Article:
If a tree falls in a forest . . . .

Philosophical questions. If a tree falls in a forest and nobody is around to hear, does it still make a sound?

And if a writer remains oblivious to all my advice and constructive criticism and carries on in her own inimitable style – is her story still shite?

I tutor someone – let’s call her Daria, who for months now, has submitted chapter after chapter of her novel. I read and make notes, offer suggestions and encouragement. Then I start to notice that despite effusive thanks for my comments, they are being roundly ignored and the next chapter is full of exactly the same problems, overwriting, long sentences that require oxygen to read out loud, plot anomalies, too much description and passive writing.
Daria continues to ignore my suggestions thanking me for my help after each chapter. In a last ditch attempt to get through to her, I write notes in CAPS explaining that if one of your characters breaks a leg she can’t be seen RUNNING in the next chapter. The readers will NOTICE. And since you have built the entire story around the broken leg you can’t go back and change it to a SPLINTER. This too is ignored so I give up and make bland polite remarks.
Then when the final chapter is done she sends me an email thanking me for my help and asking if I will write her a really good review as she is going to send the unrevised, unrewritten and frankly awful book to a publisher. She even suggests words I might like to use in my review. (I have a few in mind but not the ones she is considering.) I am staggered at her brass neck and say I wouldn't give you a good review if there was a gun to my head no.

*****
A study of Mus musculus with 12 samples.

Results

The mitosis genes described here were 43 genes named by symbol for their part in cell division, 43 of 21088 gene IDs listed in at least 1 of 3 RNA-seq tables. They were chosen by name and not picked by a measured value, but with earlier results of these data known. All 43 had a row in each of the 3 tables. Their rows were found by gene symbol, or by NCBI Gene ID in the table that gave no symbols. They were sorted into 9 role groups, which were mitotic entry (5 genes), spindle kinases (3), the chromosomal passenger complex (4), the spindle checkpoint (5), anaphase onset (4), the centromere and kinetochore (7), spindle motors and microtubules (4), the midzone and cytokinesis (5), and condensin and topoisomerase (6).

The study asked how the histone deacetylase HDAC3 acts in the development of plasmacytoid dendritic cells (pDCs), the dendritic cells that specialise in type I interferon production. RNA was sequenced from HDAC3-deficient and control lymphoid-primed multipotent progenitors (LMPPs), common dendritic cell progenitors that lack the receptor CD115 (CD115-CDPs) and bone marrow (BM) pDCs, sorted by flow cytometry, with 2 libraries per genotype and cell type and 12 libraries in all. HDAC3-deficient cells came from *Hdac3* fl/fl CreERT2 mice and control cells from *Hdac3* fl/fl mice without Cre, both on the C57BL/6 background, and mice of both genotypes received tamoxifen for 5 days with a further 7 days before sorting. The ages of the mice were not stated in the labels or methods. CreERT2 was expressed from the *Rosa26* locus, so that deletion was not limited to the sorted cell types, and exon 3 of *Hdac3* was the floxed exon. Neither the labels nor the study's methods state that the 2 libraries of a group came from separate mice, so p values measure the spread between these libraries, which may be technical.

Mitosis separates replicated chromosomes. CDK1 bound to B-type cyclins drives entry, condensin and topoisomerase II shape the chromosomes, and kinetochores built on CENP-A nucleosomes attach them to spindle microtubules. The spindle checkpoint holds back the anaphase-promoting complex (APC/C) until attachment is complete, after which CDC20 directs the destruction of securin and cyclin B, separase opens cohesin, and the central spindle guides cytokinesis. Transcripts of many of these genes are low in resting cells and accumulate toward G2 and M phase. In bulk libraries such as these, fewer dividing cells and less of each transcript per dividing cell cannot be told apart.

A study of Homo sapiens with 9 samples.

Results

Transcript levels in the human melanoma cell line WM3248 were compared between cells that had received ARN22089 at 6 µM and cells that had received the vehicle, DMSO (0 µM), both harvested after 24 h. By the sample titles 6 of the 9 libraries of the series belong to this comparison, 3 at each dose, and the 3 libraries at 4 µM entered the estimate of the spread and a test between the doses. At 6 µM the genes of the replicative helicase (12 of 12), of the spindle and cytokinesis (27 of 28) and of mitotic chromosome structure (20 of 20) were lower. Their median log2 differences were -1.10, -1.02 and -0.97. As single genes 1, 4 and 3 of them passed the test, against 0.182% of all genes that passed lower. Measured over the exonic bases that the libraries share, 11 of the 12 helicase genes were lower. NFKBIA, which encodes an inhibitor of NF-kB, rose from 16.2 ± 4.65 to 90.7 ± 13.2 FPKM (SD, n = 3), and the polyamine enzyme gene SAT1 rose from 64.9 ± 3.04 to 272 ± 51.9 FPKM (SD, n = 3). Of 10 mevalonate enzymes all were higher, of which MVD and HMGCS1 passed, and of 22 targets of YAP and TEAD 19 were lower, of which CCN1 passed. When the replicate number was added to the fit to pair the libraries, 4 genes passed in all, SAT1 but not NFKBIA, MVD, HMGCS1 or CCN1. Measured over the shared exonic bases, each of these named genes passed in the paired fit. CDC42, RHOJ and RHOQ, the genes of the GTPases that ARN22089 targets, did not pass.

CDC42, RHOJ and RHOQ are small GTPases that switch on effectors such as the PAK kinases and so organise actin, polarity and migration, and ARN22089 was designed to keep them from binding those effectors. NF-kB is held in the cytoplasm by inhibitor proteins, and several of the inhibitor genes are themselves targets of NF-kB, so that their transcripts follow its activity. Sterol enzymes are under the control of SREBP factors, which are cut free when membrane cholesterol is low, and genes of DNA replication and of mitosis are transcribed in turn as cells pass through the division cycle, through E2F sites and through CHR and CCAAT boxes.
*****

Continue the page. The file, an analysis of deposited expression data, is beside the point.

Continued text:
I go to her website a few days later and find she has a FAQ which includes the question:
How can I find out more about Daria's books?
Go into your local bookshop and demand that they stock them!
No - it is not meant to be ironic.

After I scrape my chin off the floor I can’t help but feel faintly admiring. I would never have the cheek to ask for a rave review. Or even imagine that people have nothing better to do than go to obscure blogs, and feel an urge to march into Waterstones and shout: Hey you – overqualified bookseller! Why aren’t you stocking the books of that fantastically talented author called Daria! I'm not leaving until you do!
Where does my student get her dazzling sense of entitlement? Because if she could tie that to actual writing and rewriting ability she would be unstoppable. Think of all the celebrities out there who have no discernible talent whatsoever but are considered a valuable brand.
But wait! That phrase . . . .actual ability . . . actual ability . . . actual ability . . .
I blink slap myself round the cheek a couple of times and realise that answer to the second question is definitely YES.


Gillian, @look_mama said...

So many today have such huge egos and unrealistic self confidence built from having "kind people" compliment everything they say or do. It's not a kindness. These people end up on TV talent shows and are completely gobsmacked that someone doesn't recognise their out of tune God-awful wailing as The Next Big Thing.

That girl you tutored missed a great opportunity. Silly, silly girl.

Jane said...

@Gillian - I was reading about the comment made by Mary Bousted about how many parents treat their child like a 'little Budhha' - waiting on them hand and foot - never letting them lose or fail or pick up their own pants! Perhaps it starts there.

Paul Pellay said...

Interesting.........from my standpoint it's a similar case when it comes to composers: stories of young composers brazenly disregarding their elders and (presumably) betters' advice are legion - then again, notes do seem to allow for a great deal more latitude than words can........(this applies only to composing, though: it'a VERY different story for performers, of course).

As for your student's action, even "chutzpah" doesn't seem to describe it adequately! Got me the first laugh of the day, that did.........!

The wife of bold said...

Oh this had me laughing out loud deluded Daria is a sign of the times i'm affraid in fact i think i know a few Daria's myself.

Gillian, @look_mama said...

Re Little Buddha > Start there, ends in tears on X-Factor or at the pub whining to all and sundry about how the world has done them wrong.